I just returned from my son’s hockey game. It was a nail-biter that ended with the opposing team pulling their goalie in the last minute. Somehow, my son’s team managed to survive the onslaught of frantic last minute shots to preserve a one goal victory. For the winners, 2 points in the standings. For the losers, no points.
Notably, no one really focused on the actual score. Was it 3-2 or 2-1? Who really cares? They won the game, right? And they won by one slim goal. Defensive players in any sport need to remember that it’s not the number of goals a team scores, but the margin of victory (indeed, the simple fact they won) that matters. In other words, an opposing goal prevented is just as good as another goal for your own team.
Pension funds should operate on much the same basis. Portfolio returns – no matter how high – don’t mean much if the opponent (pension fund liabilities) puts up more points on the scoreboard. And that’s why many pensions prefer to measure their success against a liability benchmark, not just a return benchmark. A 10% pension fund return won’t do you much good if your liabilities just increased by 12% (for example, due to changes in the interest rate used to discount future liabilities to the present).
An interesting survey by Toronto-based consultant CEM Benchmarking and published in the Fall Edition of the Rotman International Journal of Pension Management (see AAA posts on two previous studies that use CEM’s proprietary data: one, two) shows that a lot of pensions actually prefer to count goals instead of worrying about the size of their (or their opponent’s) lead.
The article’s authors Sandy Halim, Terrie Miller and David Dupont divide risk into several categories. One category is “active management risk” (a.k.a. tracking error, or standard deviation of the “value-added” by the fund over its benchmark); another is “absolute risk” (a.k.a. “total risk” that includes passive, market risk and active risk); and a third is “surplus risk”, defined as the gap between asset returns and liability growth.
Hockey players might view these three risks as performance beyond the expected (active risk), the total goals scored (absolute risk) and the margin of victory or loss (the surplus risk).
As you can see from the table below in the article, many pension funds (88%) had a good feeling for when they outperform expectations (a tie against a superior team can sometimes be as good as a win after all). Nearly half (48%) kept a close eye on their lead (or margin of loss) and about a quarter (28%) focused mainly on the number of goals they scored. Curiously, 7% didn’t care who won or how many goals they scored. These respondents appear to be playing a game of pick-up hockey for fun only.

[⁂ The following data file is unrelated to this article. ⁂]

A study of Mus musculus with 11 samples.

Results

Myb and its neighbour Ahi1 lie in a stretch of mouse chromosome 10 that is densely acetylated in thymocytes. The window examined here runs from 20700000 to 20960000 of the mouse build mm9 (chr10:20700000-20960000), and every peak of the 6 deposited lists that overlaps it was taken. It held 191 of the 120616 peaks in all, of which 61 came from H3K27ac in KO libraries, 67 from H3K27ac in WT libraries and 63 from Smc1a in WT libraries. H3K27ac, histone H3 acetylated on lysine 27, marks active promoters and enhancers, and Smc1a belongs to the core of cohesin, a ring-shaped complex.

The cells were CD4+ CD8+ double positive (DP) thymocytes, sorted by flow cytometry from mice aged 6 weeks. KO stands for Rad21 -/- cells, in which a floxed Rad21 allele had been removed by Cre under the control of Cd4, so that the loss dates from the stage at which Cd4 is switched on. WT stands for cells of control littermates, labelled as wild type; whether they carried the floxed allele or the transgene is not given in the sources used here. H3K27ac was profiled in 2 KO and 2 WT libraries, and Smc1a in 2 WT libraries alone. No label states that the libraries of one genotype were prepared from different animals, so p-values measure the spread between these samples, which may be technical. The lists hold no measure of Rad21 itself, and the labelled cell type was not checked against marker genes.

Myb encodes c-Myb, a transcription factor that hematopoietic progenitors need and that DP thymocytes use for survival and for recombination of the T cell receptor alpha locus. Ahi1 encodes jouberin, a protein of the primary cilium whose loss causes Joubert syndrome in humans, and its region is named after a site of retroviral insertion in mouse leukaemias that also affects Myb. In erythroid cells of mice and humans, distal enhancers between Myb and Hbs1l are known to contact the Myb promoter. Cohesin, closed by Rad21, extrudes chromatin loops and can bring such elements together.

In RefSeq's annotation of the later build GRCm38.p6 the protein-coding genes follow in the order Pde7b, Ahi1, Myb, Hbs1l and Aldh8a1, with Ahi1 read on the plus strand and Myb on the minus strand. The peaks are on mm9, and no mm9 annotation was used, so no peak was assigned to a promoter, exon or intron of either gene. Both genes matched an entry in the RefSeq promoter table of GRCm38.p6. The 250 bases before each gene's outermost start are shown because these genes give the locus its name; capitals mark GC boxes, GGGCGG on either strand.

Even those pension funds that focus on their surplus (or deficit) of goals reported varying degrees of focus. As you can see in the chart below, only 42% of respondents put a high priority on surplus risk. Conversely, nearly two-thirds (63%) of respondents focused on active risk. This is like an old-timers hockey league where participants focus on beating their personal best instead of actually getting more points that the opponent – great for adult recreational hockey, but not for pension management.
The authors of this article then wondered if this focus on either performance (active risk) or goal differential (surplus risk) actually influenced the outcome of the game. They found that pension funds with a focus on their own performance only (not on their total goals or even their margin of victory/loss), actually performed better that you would otherwise expect. Those with a high focus on active risk had a median “value-added” of 0.48% per annum.
By contrast, those with a low focus on active risk had a median “value added” of -0.13%. Apparently a good coach can make his players exceed their expectations…
Unfortunately, the same could not be said for surplus risk. No matter how hard pension funds tried, they could not will the other team into scoring less – and the other team (pension liabilities) always seemed to rally and match their opponent. Average annual surplus was around -3% for funds with both a high and a low focus on surplus risk. However, as you can sort of see from the chart below in the report, at least the surplus volatility is lower for those pension funds that focus on surplus risk.
There are a bunch of other interesting factoids in this article so we recommend you have a look. (For example, guess which country’s pension funds have the most staff dedicated to risk management? Think: home of the black swan…)
The bottom line is that goal differential matters. Otherwise, the scoreboard wouldn’t contain the scores for both teams. In fact, if the absolute number of goals were all that mattered, teams wouldn’t put anyone on defense and all the players would be forwards. Sure, they’d score a lot. But in the end, they’d still end up losing.